By Karan Bhatia for LastWordOnCricket
When India beat South Africa convincingly in October 2015 on rank turners, the notion of India dominating big opposition on home turf wasn’t an overboard thought. Pitches were made to expose the vulnerabilities of teams outside the subcontinent who have troubles playing spin bowling. England did show how India can be beaten in India on turning pitches in 2012 but when Australia came in 2013, India ruthlessly exposed Australia’s spin shortcomings.
When India announced their home season fixtures for thirteen Test matches against New Zealand, England, Bangladesh and Australia, it was widely expected that these teams would be welcomed by rank turners and be made to face a trial by spin. It has not happened so far in the nine Tests. India welcomed New Zealand on pitches which did not turn until late on the second day and gave the New Zealand seamers more than a realistic chance to get India out twice. The third Test in Kolkata was a new relayed surface and one with pace in it. India rallied on and played good cricket in crunch situations to put the series beyond New Zealand. New Zealand admittedly left for home lamenting the missed chances to put India under pressure.
A very similar theme followed for the England series. A flat batting track was the curtain-raiser for the series and India showed grit to hold on for a draw. The following Test matches were on pitches which were good wickets for a competitive Test series. England losing twice after scoring 400 in their first innings is an indicator to the fact that India in this season haven’t preyed on opposition with pitches that turn excessively: they have given opposition a fair environment and they have beaten teams convincingly despite losing seemingly-crucial tosses.
To say spinners have ruled the roost this home season would not be wrong but the seamers’ impact cannot be overlooked. Mohammed Shami, Umesh Yadav and Bhuvneshwar Kumar have always contributed when the spinners have looked flat. Every player in the team has contributed whenever needed. India’s lower order has provided the team with much needed momentum. Take the players who have been called as last minute replacements: both Karun Nair and Parthiv Patel have performed admirably. The runs have come in buckets this season and they haven’t been easy. This team has grafted for them and they have deserved every Test win this season, not because of the pitches but because of the quality of the performances.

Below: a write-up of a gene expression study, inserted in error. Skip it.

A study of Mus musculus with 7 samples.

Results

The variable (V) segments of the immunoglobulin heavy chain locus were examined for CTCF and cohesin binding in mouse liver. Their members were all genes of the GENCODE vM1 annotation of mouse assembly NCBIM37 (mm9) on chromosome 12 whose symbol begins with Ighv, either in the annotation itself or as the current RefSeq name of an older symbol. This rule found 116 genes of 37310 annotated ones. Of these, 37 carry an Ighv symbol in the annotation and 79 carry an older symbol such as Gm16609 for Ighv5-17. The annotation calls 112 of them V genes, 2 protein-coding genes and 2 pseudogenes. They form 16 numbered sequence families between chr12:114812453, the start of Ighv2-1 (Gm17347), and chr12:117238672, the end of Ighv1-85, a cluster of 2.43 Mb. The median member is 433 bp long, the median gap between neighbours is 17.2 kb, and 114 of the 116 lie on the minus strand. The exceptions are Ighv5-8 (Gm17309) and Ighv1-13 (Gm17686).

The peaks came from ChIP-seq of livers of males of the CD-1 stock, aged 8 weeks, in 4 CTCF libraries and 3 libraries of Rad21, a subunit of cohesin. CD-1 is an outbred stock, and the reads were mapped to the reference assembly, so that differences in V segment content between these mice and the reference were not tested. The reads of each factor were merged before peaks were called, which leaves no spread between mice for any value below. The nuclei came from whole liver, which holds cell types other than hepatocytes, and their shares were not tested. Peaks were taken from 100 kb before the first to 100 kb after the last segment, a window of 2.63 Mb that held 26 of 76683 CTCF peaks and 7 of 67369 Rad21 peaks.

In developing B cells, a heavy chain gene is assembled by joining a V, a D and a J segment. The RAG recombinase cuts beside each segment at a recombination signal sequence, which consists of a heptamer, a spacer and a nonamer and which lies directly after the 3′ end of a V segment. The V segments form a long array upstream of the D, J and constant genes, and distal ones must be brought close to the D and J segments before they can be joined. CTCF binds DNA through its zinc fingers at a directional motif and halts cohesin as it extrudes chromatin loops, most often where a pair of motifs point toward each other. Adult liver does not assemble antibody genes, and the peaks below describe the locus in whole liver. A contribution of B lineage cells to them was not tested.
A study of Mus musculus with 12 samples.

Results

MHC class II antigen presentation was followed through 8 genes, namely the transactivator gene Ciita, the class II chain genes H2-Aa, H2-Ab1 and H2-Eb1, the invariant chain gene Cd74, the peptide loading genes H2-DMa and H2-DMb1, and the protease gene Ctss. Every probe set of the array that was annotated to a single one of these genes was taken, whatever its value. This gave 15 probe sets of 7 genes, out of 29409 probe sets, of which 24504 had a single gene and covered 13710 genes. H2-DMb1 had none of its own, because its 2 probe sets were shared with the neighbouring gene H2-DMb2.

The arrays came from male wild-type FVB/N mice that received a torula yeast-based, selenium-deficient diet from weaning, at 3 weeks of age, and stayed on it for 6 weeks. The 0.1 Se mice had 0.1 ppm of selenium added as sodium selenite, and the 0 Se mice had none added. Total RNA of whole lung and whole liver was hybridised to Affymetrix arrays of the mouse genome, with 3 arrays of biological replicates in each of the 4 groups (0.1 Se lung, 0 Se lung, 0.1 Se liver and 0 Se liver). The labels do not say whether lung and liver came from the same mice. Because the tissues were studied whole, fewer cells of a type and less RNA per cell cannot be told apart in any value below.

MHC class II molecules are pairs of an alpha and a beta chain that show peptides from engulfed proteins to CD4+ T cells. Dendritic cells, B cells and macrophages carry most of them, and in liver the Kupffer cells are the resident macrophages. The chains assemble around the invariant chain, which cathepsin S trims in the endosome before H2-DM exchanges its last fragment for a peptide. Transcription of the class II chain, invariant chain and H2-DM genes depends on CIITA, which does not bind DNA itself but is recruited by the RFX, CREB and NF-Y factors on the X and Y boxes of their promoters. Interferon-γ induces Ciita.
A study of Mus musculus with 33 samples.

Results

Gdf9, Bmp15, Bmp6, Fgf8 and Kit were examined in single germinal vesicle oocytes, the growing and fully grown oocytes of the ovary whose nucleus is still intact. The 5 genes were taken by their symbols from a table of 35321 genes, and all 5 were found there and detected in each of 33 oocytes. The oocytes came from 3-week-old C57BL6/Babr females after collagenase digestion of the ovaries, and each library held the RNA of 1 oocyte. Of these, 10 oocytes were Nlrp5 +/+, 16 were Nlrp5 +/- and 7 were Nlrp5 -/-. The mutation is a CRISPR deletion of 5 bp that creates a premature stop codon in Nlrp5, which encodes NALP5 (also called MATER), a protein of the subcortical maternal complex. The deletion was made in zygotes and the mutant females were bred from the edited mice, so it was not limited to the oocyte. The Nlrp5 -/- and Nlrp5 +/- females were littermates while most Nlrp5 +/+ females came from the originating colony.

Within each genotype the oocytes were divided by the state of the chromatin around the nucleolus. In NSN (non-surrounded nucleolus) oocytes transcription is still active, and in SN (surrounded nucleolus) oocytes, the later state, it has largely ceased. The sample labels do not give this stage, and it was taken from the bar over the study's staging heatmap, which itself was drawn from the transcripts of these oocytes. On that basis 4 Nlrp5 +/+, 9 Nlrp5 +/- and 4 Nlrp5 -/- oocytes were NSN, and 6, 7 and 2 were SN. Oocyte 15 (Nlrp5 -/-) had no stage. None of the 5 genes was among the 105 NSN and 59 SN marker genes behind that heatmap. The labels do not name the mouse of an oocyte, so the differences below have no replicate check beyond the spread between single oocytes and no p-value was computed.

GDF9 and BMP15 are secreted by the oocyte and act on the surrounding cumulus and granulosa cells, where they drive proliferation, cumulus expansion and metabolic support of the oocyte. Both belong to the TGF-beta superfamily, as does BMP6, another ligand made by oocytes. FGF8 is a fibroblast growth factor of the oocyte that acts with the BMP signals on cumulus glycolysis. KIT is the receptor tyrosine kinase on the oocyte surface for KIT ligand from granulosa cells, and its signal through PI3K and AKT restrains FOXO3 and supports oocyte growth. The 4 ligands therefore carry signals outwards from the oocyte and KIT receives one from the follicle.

Australia now come to end the season and come to stop the juggernaut. Australia when last visited these shores they lost to Sri Lanka convincingly, and the last time they visited India were whitewashed comprehensively. It is still justifiable to expect raging bunsens, but does this team really need them to dominate opponents? India will definitely produce turning tracks, but they definitely would not produce tracks which would start turning from ball one. Australia would love the chance to play on tracks where they get the chance to unleash their impressive pace battery. David Warner would certainly love a couple of sessions where he would get an even track. India will go into this series thinking they can win the series convincingly and finish the season unbeaten and that wouldn’t be a fantasy.
Can Australia pass the spin test? Can they make use of the pitches which gives them more than a realistic chance to challenge the Indians? Can India finish the season unbeaten? We will get our answers come Thursday.